Attention deficit hyperactivity disorder, commonly known as ADHD, undoubtedly affects our closest relationships, especially in marriage. When one partner has ADHD and the other doesn’t, it can cause misunderstandings and conflict.

Melissa Orlov shares some of the top challenges and solutions in her award-winning book “The ADHD Effect on Marriage.”

Couples may not even know that one (or both) of them have ADHD so misinterpret ADHD symptoms as their partner’s feelings toward them. The non-ADHD partner may mistakenly come to the conclusion that their spouse doesn’t love them anymore.

Symptoms such as forgetfulness or distractability can evoke a reaction from the non-ADHD partner and start a negative cycle. The ADHD partner doesn’t pay attention to their spouse; the non-ADHD partner feels ignored and reacts with frustration; then the ADHD partner reacts with anger.

If the ADHD partner’s symptoms aren’t under control enough to be reliable, the non-ADHD partner starts taking on more and more responsibility. They become stressed and resentful for being the “responsible one” in the relationship. Over time, they assume the role of parent and the ADHD partner becomes the child.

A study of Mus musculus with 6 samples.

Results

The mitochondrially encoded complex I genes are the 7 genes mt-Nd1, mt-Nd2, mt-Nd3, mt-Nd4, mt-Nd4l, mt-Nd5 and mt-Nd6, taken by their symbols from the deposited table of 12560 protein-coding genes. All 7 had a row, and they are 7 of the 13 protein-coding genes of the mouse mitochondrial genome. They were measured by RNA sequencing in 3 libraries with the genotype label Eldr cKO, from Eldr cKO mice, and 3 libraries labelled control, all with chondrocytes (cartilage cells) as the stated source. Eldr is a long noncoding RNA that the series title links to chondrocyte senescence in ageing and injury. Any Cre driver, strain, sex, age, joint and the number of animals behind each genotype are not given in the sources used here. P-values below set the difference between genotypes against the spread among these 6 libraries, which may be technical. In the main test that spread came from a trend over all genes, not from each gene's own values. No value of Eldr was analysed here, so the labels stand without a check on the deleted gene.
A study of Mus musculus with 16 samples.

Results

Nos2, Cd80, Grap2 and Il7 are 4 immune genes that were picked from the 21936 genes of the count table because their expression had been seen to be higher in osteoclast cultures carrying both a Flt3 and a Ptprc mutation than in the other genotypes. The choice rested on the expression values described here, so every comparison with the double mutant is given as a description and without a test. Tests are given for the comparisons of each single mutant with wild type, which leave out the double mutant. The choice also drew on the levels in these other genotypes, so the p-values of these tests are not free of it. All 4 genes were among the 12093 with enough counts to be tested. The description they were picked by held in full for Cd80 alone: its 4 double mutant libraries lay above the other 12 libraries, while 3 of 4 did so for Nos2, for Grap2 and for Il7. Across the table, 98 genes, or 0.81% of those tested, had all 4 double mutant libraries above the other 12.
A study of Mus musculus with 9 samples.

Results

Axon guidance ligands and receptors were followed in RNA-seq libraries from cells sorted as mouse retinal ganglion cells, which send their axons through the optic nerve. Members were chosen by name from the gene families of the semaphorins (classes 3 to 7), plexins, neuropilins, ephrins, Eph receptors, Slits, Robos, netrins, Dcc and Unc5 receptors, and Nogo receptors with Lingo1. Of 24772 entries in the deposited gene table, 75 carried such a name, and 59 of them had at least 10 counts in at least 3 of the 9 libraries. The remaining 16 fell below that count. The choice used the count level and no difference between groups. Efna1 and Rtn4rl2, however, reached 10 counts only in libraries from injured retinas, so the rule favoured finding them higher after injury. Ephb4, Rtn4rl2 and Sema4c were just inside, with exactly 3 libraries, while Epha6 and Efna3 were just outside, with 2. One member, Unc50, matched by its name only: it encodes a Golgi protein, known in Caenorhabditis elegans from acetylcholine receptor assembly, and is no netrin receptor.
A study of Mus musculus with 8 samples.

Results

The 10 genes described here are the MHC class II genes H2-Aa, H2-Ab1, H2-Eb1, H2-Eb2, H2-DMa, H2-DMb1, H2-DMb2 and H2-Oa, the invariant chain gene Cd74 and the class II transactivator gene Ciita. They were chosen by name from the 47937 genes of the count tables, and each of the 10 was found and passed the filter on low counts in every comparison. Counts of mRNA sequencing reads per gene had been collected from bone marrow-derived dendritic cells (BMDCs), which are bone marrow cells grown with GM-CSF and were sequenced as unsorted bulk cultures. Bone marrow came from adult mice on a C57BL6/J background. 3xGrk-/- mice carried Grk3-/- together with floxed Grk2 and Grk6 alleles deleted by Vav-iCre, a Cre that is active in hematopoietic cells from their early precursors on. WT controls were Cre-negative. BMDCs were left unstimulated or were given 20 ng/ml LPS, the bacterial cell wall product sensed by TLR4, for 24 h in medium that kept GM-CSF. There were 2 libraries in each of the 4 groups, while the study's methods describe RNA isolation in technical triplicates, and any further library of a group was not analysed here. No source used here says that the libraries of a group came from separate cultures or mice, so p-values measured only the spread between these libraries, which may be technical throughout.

Now for the GOOD NEWS … solutions are available!

Get educated. When you know your partner’s lack of attention is the result of ADHD and has little to do with you, you’re more likely to not take it personally and deal with it differently. Instead of feeling hurt or angry, you might brainstorm strategies to minimize the symptoms that are impacting your life together.

Seek treatment. Orlov refers to treatment for ADHD to a three-legged stool. Leg 1 involves making physical changes to balance out the brain, including medication, aerobic exercise and sufficient sleep. Leg 2 is focused on making behavior changes and creating new habits. Leg 3 is interactions with your partner, such as scheduling time together and using cues to stop fights from escalating.

Set up structure. It’s important to choose simple organizing systems that work for the ADHD partner. Break down projects into small actionable steps and set regular cell phone reminders. Working with a professional organizer who understands ADHD and has the skills/training can make a difference.

Seek Support. Orlov suggests attending adult support groups. It’s helpful to realize you’re not alone in your struggles and can learn strategies from others who truly understand the challenges.

Don’t try harder, try differently. Orlov encourages the non-ADHD partner to shift their thinking to “neither of us is to blame and we’re both responsible for creating change.” A better way to think is “I am never my spouse’s keeper. We will respectfully negotiate how we can each contribute.”  People with ADHD can feel unloved/unappreciated so are encouraged to alter their perspective to “I am loved/lovable, but some of my ADHD symptoms are not. I am responsible for managing my negative symptoms.”

Finally, here are some natural over the counter Adderall alternatives that may be helpful in managing ADHD symptoms so  your marriage can thrive!